Justice Towett, 29 and Martin Ndeto, 26, both computer science graduates from Kenyatta University, are an example of what meaningful friendship looks like.
Together, they have created KDuka, a web application that enables you to create your own e-commerce website in a matter of minutes with no knowledge on coding.
“Justice and I have similar visions for our careers, and even as friends back in university, we found ourselves gravitating towards similar interests – hanging out at the same places during our free time and exploring similar after-school interests.
“Working on school exercises also brought us together. For example, coding was a challenge for Justice, which I walked him through,” Martin explains.
At some point while in school, they were contracted to maintain computers by a certain organisation. They spent Sh5,000 of the money they earned to register and start their business, Zerone IT Solutions. Here, they deal with web development and networks – connecting your devices and being able to remotely control them.
The idea to set up KDuka came from a request they got from two consequent clients. The first client wanted an e-commerce platform set up for her, and setting it up cost Sh110,000.
Soon after that, they were approached by another client to set up something similar.
This made them realise that setting up a platform that can be accessed and used by many different people would solve a bigger problem for those working with limited resources but would like to set up online stores to grow their businesses.
“We soon realised that web development is not very sustainable when you rely on clients alone, so we started to think about other services that we could provide on a long-term basis. As we worked on our clients’ projects, we were on the lookout for opportunities, and that was how we stumbled on the idea of KDuka,” explains Martin.
“We dove straight to the deep end, and one by one, we learnt how to work around the puzzle of creating the platform, a product which is absolutely capable of morphing into whatever the client wants through customisation options embedded on the platform,” says Justice.
The first step is to visit the website, kduka.co.ke and sign up. Once you do this, you are given steps and guidelines on how to set up your own store.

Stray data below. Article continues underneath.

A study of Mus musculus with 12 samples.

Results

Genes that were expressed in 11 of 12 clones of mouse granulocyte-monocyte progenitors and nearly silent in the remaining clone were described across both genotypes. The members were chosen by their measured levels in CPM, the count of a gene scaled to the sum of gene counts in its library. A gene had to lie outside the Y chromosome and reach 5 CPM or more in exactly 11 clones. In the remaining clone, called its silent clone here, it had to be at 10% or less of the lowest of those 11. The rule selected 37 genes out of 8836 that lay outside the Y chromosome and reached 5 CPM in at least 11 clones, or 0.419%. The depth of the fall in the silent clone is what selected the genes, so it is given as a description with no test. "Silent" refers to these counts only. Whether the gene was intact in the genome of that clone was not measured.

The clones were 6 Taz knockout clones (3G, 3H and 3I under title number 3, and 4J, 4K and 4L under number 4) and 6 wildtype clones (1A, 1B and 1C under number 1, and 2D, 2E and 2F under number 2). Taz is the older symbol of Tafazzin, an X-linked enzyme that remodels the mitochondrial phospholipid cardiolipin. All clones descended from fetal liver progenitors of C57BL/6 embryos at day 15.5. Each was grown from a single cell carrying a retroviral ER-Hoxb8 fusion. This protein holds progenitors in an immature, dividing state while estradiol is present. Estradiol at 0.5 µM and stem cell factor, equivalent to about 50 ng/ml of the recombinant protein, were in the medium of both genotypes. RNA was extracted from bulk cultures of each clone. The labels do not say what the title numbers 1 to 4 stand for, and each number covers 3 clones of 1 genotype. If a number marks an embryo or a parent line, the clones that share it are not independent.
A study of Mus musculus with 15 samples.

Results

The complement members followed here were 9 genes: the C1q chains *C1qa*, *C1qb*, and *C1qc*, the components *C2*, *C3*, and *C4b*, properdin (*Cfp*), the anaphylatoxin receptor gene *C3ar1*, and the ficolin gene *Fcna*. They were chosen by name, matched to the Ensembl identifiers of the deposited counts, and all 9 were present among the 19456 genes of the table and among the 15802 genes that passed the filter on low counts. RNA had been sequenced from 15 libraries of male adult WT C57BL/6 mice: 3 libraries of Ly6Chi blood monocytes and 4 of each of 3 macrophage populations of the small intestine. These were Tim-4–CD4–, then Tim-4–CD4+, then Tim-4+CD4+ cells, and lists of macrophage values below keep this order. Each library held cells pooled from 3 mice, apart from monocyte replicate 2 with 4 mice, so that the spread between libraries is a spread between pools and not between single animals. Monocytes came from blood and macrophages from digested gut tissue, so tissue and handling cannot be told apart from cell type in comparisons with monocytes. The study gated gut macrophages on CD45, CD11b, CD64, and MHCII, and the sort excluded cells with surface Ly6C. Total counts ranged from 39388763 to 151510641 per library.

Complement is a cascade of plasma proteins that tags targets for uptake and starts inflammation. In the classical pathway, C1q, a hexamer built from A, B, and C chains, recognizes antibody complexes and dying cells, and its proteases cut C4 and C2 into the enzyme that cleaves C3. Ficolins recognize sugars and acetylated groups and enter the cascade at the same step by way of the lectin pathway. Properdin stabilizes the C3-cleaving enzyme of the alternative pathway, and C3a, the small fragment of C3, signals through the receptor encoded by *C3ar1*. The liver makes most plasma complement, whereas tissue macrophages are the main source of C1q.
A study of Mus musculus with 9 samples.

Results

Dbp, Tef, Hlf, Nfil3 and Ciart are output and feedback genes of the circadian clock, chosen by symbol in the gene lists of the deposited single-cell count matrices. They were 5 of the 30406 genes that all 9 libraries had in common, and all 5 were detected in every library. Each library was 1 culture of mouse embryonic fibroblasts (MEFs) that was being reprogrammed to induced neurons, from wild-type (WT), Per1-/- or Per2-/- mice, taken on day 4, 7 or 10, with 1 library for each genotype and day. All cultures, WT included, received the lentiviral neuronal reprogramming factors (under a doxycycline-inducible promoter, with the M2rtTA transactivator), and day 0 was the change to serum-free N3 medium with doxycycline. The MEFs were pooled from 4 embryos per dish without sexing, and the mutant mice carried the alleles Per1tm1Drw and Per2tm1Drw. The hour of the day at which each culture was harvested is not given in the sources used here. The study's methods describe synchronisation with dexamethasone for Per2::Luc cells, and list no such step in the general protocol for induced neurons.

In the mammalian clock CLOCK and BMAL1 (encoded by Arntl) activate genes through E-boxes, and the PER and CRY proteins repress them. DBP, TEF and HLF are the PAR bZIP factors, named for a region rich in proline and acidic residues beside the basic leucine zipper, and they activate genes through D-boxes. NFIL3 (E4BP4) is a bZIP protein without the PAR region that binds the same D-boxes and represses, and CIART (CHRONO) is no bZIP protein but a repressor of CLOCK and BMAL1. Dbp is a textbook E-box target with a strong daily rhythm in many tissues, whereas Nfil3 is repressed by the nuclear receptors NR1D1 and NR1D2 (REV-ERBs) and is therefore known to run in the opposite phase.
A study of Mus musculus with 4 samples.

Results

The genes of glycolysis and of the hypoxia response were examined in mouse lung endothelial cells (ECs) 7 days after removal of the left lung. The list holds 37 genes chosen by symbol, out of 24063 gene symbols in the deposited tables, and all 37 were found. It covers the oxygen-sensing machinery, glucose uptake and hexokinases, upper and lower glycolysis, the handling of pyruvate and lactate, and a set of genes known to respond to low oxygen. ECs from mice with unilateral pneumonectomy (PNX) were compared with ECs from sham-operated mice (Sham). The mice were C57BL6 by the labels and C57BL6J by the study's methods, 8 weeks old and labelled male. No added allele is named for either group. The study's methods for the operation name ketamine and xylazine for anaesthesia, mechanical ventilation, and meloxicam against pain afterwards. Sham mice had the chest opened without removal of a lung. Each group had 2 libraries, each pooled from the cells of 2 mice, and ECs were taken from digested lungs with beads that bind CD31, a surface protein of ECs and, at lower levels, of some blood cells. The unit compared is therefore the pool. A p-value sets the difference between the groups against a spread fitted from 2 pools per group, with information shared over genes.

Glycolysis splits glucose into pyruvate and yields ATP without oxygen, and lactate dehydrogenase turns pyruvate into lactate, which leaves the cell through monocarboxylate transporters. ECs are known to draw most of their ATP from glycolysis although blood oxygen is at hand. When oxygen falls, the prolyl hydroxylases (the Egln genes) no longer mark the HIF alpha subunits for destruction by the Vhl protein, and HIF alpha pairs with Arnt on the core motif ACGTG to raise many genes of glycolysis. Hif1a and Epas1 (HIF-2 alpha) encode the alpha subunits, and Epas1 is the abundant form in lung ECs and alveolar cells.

“The stores are made in such a way that an average and literate digital consumer can navigate. Once you sign up, you follow prompts that guide you on getting your site ready in under five minutes,” explains Justice.
The platform is a shelf where you display and catalogue all the products that you have for easy visibility, accessibility and purchasing by your clients.
“In KDuka, users have a chance to enhance their brand through the available customisation options at no cost. For operational costs, we charge one per cent commission from all the sales made by our users,” Martin explains.
So far, they have 150 sign ups which have saved users the developer costs, the time it takes to design and so on.
Apart from the free account, the site also provides analytics and other value add tips such as how the store is doing and how many visitors it received.
“The site offers free and premium packages. The premium package, for which we charge Sh420 a month, enables the user to have their own full domain (e.g. www.nameofyourstore.com), enables search engine optimisation and you can further push your brand – you can also use google analytics on your brand,” explains martin.
“The basic package, which comes at no monthly charge, affords users a subdomain (e.g. nameofyourstore.kduka.com) and other important details for a store like product categories to enhance display,” Justice further explains.
These two young men are onto something – and that is solving the problem of many young people who sell their products online but lack access to affordable platforms to grow their businesses, especially for start-ups just getting into ecommerce.
“The platform gives users a chance to enhance their brands themselves as opposed to using other online platforms where they do not have a chance to make their brands stand out,” says Justice, who primarily worked the platform’s user experience and front-end coding. Martin worked on the engine back-end.
They hope that in the near future they can expand KDuka from being just a Kenyan market product to becoming an African market product.
“Good things do not come easily – developing the site has been one of the greatest challenges I have had. The first release took us six months – this version was too complicated for the ordinary user, so we had to rework it again, which took us close to a year,” notes Justice.
But building a product is one thing, and pushing it out there another altogether.
They are hoping for more sign ups from the current 150 and an expansion in the type of businesses that set up stores on the platform.
Currently, the majority users of KDuka mostly sell electronics and hair products and own boutiques.